Restoring an old piece of furniture is a rewarding task, but it can also be quite time-consuming. Most people, though, agree that spending the time on restoration is well worth it.
That is because an old piece of furniture is, more often than not, very well made with beautiful woodworking and high-quality wood. It also means that you can save your grandparent’s old rocking chair from ending up on the dump (or in the next bonfire). Likewise, it is a fun hobby project that will benefit many generations to come.
If you’ve managed to get your hands on a rocking chair that could do with a bit of TLC, then you may be wondering where to start. As such, we looked at how to recover an old rocking chair with a four-step guide to help you through the process.
The Simple Method
The length of each restoration project will depend on the state of disrepair that your rocking chair is in at the moment. Some may just need a new lick of paint or varnish, while others will need to be fixed and reinforced before someone can safely sit in the chair again.
The first thing you should attend to are any parts of the chair that are physically broken, including tightening up any loose, rickety joints. If any of the pieces of wood need replacing, for example, if a seat slat is broken or splintered, then you’ll have to take measurements and get those ready first off.
The entire chair may need to be disassembled so be sure to label all of the pieces so that you know where each piece came from, making it easier to put it back together! You should be able to take the chair apart using a mallet or spreader clamps.
- Stubborn seat spindles: If you find you have a particularly stubborn seat spindle, then you may find you also need to drill an access hole under the seat and use a center punch and hammer so that you can bash it out.
- Endgrain cracks: If you have endgrain cracks in your seat joints, then you can repair and strengthen it by using thin, tapered wedges of wood (something dense like maple is ideal). Glue it into place using a syringe to get the glue in the right place if needed.
- Remove old glue: Before gluing your chair back together, try to remove as much as the old glue as you can by scraping it off the ends of the spindles and out of the sockets. Be careful not to scrape away any of the wood during this process as you don’t want to affect the fit, which will make them look weird once joined back together.
2. Strip Previous Finish
While the chair is disassembled, you can apply a stripper to the frame and the various pieces of the chair. Following the manufacturer’s instructions on how to apply it (normally with a brush), and how long to leave it on.
For flat surfaces, gently scrape away the softened finish with a putty knife, being careful not to compromise the integrity of the wood by gauging it. Curved surfaces can be approached with soapy water and flexible stripping pads.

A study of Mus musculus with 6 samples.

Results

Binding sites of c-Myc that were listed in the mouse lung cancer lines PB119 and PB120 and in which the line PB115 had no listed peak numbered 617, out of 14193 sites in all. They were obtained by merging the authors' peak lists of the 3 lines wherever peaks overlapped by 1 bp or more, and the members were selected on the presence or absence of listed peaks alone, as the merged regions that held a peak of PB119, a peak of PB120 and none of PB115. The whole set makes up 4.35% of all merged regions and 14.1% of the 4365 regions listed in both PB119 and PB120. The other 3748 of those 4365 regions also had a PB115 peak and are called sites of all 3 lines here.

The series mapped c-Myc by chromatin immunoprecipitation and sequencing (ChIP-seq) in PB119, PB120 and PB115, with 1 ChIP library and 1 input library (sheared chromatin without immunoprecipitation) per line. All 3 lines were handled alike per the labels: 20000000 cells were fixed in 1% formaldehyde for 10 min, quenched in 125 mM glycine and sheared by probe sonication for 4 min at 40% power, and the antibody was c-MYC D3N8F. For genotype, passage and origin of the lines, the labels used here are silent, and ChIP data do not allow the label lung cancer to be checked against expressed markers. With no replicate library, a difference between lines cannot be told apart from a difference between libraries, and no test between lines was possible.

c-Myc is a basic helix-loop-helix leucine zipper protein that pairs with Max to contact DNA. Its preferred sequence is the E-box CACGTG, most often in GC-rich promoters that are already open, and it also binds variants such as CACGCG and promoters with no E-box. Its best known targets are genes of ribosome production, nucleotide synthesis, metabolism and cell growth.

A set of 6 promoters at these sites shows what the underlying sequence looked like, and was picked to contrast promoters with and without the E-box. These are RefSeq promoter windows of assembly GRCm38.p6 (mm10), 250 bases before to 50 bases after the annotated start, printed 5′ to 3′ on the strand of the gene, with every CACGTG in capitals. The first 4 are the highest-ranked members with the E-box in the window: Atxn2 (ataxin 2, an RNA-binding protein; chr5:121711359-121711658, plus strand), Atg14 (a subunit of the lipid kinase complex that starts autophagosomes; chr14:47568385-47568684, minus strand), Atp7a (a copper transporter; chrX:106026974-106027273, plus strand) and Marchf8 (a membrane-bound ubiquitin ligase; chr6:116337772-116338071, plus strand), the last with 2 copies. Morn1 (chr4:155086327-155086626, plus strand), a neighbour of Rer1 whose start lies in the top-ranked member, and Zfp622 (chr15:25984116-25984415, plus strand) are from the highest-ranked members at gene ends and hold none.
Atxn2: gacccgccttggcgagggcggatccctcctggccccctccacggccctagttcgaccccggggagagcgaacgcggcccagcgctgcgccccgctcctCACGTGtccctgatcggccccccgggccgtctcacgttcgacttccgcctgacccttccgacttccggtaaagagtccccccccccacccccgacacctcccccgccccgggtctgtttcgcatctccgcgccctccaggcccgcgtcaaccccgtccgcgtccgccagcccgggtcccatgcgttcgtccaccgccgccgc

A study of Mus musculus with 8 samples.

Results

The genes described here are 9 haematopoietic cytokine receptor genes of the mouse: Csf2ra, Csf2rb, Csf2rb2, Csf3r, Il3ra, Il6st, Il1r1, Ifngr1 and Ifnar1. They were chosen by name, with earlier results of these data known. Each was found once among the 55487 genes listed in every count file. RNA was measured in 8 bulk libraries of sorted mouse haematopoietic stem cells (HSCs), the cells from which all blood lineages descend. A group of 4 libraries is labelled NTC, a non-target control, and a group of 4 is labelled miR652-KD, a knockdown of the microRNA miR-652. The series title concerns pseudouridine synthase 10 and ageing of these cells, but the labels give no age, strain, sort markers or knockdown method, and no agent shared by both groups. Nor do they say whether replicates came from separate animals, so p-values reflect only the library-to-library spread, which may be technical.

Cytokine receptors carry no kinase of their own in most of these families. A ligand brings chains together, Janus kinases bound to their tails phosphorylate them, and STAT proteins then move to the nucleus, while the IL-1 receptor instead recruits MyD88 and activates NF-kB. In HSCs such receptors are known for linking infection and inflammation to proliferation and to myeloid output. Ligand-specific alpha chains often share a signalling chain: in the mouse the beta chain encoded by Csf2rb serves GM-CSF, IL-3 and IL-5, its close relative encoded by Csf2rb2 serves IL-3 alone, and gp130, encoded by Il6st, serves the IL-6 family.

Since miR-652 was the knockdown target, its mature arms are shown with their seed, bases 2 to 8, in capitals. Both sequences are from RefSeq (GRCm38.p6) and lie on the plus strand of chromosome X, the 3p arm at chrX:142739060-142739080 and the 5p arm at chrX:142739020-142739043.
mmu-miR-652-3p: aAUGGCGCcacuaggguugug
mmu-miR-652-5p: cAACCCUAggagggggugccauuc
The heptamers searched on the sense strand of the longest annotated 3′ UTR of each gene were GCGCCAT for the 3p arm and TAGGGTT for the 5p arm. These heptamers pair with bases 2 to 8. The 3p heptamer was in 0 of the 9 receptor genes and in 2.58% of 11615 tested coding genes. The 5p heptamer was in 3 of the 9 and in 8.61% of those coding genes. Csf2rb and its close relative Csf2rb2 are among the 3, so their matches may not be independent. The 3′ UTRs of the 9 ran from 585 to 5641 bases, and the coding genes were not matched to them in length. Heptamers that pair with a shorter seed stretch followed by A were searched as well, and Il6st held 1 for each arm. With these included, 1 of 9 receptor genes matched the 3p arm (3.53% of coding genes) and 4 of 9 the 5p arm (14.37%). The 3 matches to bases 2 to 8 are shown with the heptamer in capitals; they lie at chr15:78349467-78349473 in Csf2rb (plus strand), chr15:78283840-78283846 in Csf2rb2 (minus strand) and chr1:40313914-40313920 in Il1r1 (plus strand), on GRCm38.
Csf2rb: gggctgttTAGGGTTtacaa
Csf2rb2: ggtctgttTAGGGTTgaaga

Other tools that you may find useful in this process, to get into awkward and small recesses, include small bristle brushes and pieces of twine. You can then finish the job with fine stripping pads and clean water.
Once the chair is completely dry, you may need to fine sand it in places that have raised grain from the water application, and then, you can start to reassemble it.
Choose your glue carefully since something more traditional like hide glue isn’t as strong. It is also less likely to rip the wood apart when a joint fails. Thus, more modern PVA glue is a better choice. When it fails, joints will loosen, but your wood will be saved.
The chair will then need to be clamped into place to hold all of the spindles and joints in place until the glue is completely dry.
Now it’s just a case of choosing your finish and applying it! Depending on the look you want, you can use a dye-based stain or opt for a natural wood finish with a clear varnish. Think about how you want to apply your lacquer as some can be sprayed on, which makes the job a lot easier. Or, if you prefer an oil finish, then finishing oils can be easily applied with a cloth.
Rocking Chairs That Rock!
Following this four-step process will help guide you in how to recover an old rocking chair. Rather than buying a new one, breathe a new lease of life into a quality old piece of furniture and reap the rewards for generations to come.
Rocking chairs are fantastic for relaxing on the porch, soothing yourself in front of the fire, and helping to soothe a baby to sleep in a nursery. You’ll always find a use for this well-loved piece of furniture, and find it hugely rewarding knowing that you’ve restored it yourself.